If we compare the majority of the UK, and by that I mean England, Scotland and Wales, with other popular countries it’s tiny but, as goes the saying, “good things come in small packages”! The UK may be small but on the grand scale of things, what a historic, culturally rich and important global centre it is. Throughout the ages it has remained a pillar of economic and global strength and is certainly a place that should be on everyone’s bucket list to visit at least once in their lifetime. With so many cities of interest, it’s hard to come up with just 5 in our travel blog but here goes our choices:
1. London, England.
You would have to have lived under a very large rock to not know at least a few things about London before you arrive, especially as it will host the 2012 Olympics and is properly gearing up in grand style as I write! London is the capital of England and a city of significant global importance. London is home to the majority of all things royal, cultural, political and stereotypically English. The UKs main style, historic and trade centre, it is a fast paced, cosmopolitan and sophisticated city and one of the world’s most popular tourist destinations. Although accommodation and life in London does come at a premium, there are budget options and luckily many museums and art galleries are free to enter. Popular sites include Big Ben, Buckingham Palace, The Houses of Parliament, Westminster Abbey and the Tower of London to name but a few. For shoppers it’s a dream with many fancy department stores like Harrods and Selfridges and some fabulous weird and wonderful bargains to be had on the popular markets like Camden. For theatre buffs there’s the West End which is to England what Broadway is to America, and for those that like a spot of dining, some of the world’s best restaurants are found here offering a diverse choice of dishes suited to all tastes and budgets.
2. Edinburgh, Scotland
As the capital of Scotland, a historic and famous university city and another of the UKs important cultural centres, Edinburgh is also a well-loved stop on the UK tourist trail. Attracting more than 60,000 students and over 13 million visitors each year it has many great attractions including the Scottish Museum, National Gallery, Castle and even an extinct volcano called “Arthur’s Seat” smack bang in the centre of the city. If visiting Edinburgh, try and time it to co-inside with festival time running from July to September each year. It is then that the famous Fringe Festival, Film Festival and Jazz and Blues Festival comes to town where you can witness some fabulous comedy, music and entertainment acts. The city is also one of the best places to celebrate New Year or ‘Hogmanay’ as it is locally called. Don your party pants, grab yourself a wee drink or some scotch whisky and party like you have never partied before – Scottish style!
3. Cambridge, England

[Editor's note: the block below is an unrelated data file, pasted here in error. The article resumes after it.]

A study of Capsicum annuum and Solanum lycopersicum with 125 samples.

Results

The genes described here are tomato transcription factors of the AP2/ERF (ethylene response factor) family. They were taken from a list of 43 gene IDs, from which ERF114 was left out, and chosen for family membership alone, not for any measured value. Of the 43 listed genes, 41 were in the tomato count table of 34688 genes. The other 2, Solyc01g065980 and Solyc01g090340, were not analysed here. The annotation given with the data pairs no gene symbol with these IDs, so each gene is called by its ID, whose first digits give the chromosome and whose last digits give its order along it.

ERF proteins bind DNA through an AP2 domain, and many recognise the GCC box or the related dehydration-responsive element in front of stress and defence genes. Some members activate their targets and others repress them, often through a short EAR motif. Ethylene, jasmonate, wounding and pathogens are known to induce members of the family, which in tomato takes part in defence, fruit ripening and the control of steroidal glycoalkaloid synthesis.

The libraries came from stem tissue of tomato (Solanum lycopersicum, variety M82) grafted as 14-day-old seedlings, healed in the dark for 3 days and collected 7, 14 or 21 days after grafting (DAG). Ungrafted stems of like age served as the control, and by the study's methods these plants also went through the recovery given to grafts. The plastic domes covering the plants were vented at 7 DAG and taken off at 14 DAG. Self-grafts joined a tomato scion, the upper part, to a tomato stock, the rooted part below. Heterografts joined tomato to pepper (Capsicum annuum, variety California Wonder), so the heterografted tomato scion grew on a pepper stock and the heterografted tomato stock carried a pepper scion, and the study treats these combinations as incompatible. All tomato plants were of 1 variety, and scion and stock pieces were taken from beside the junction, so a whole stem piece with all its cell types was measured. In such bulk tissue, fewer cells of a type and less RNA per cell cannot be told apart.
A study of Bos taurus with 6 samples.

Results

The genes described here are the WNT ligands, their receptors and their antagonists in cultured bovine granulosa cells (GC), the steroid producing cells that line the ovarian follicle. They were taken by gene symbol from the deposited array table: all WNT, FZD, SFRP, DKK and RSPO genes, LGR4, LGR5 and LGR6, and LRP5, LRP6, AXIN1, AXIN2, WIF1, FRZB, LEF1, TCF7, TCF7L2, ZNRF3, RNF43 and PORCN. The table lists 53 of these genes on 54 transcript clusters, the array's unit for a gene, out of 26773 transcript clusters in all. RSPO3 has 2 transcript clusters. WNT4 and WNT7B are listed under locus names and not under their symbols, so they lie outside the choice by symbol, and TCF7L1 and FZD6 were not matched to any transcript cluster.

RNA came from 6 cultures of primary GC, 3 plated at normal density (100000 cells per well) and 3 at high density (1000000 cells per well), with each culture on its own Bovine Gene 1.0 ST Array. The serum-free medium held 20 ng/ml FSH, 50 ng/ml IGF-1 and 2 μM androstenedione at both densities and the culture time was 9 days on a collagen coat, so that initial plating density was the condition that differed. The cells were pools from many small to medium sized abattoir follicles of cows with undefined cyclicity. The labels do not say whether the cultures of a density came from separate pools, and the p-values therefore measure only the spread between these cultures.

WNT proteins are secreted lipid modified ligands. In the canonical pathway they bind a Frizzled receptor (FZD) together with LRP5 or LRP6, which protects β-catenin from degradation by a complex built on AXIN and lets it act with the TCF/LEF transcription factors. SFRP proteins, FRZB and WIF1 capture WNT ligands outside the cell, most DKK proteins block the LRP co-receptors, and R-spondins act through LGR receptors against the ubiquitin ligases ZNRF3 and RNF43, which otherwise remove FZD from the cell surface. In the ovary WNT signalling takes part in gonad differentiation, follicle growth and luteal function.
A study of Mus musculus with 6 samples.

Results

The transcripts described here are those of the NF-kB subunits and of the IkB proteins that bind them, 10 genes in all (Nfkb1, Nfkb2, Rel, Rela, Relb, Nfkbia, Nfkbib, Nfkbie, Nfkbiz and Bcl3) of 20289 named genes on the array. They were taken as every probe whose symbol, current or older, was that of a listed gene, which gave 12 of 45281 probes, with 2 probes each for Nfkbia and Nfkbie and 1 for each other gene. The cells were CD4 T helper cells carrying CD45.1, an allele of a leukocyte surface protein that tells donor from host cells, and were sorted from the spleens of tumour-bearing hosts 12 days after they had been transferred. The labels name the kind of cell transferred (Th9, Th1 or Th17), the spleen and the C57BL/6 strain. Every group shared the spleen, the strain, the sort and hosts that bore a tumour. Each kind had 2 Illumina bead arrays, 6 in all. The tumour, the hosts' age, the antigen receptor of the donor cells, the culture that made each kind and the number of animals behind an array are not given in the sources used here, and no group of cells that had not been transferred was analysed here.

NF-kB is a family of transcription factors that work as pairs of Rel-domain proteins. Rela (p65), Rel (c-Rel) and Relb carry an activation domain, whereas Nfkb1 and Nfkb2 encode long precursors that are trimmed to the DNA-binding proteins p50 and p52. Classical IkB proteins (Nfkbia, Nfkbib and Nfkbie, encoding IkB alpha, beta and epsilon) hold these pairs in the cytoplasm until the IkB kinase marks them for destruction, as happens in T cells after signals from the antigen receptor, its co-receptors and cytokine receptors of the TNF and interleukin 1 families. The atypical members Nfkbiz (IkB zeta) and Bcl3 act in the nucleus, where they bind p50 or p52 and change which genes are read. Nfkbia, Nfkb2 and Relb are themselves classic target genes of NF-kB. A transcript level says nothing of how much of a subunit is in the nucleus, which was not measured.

Just a 40 minute train journey from London takes you to the architecturally rich and historic university city of Cambridge. Much like its rival Oxford, it is primarily a student town and has played home to many of the UKs great political and scientific minds – in-fact Cambridge has produced more Noble Prize winning scholars than any other city in the world! Prettier, smaller and far less urban than its counterpart, it’s a joy to visit with a lively centre packed full of university colleges, restaurants, pubs, parks and shops. Why not try your hand at punting along the River Cam and head out to Grantchester Meadows where it’s claimed that Pink Floyd wrote many of their famous trippy tracks?!
4. Liverpool, England
For anyone that’s a fan of The Beatles then Liverpool’s your city! In 2008 Liverpool held the prestigious title of European City of Culture as it is not only a lively, fun packed city but also one of the busiest trading routes in the world. Sitting on the banks of the River Mersey, there’s plenty to see and do. Head to the Tate Gallery, the Albert Dock, the Maritime Museum and, of-course The Beatles Story Museum. Liverpool is a northern city and decidedly cheaper than London and the South, with a vast array of hotels, restaurants and nightlife on offer and some excellent transport links, it’s certainly worth a visit.
5. Bath, England
Think of Jane Austin novels, picture perfect scenery, wonderful Georgian terraces and stunning historic architecture. Bath is wonderful on the eye and you can see why Austin settled here and felt inspired to write her literary masterpieces. The social scene is great; fancy restaurants and bistros nestled along pretty streets serving all manner of eats and little shops, boutiques and book stores selling their wears to passing tourists and locals. Bath is perhaps best known for its impressive Roman Baths dating back more than 2,000 years. Bath, near Bristol, is a bit of a jaunt from London but well worthy of an overnight stay or a few days rest and relaxation. Now a designated UNESCO World Heritage site, visit this small and alluring city and leave feeling inspired!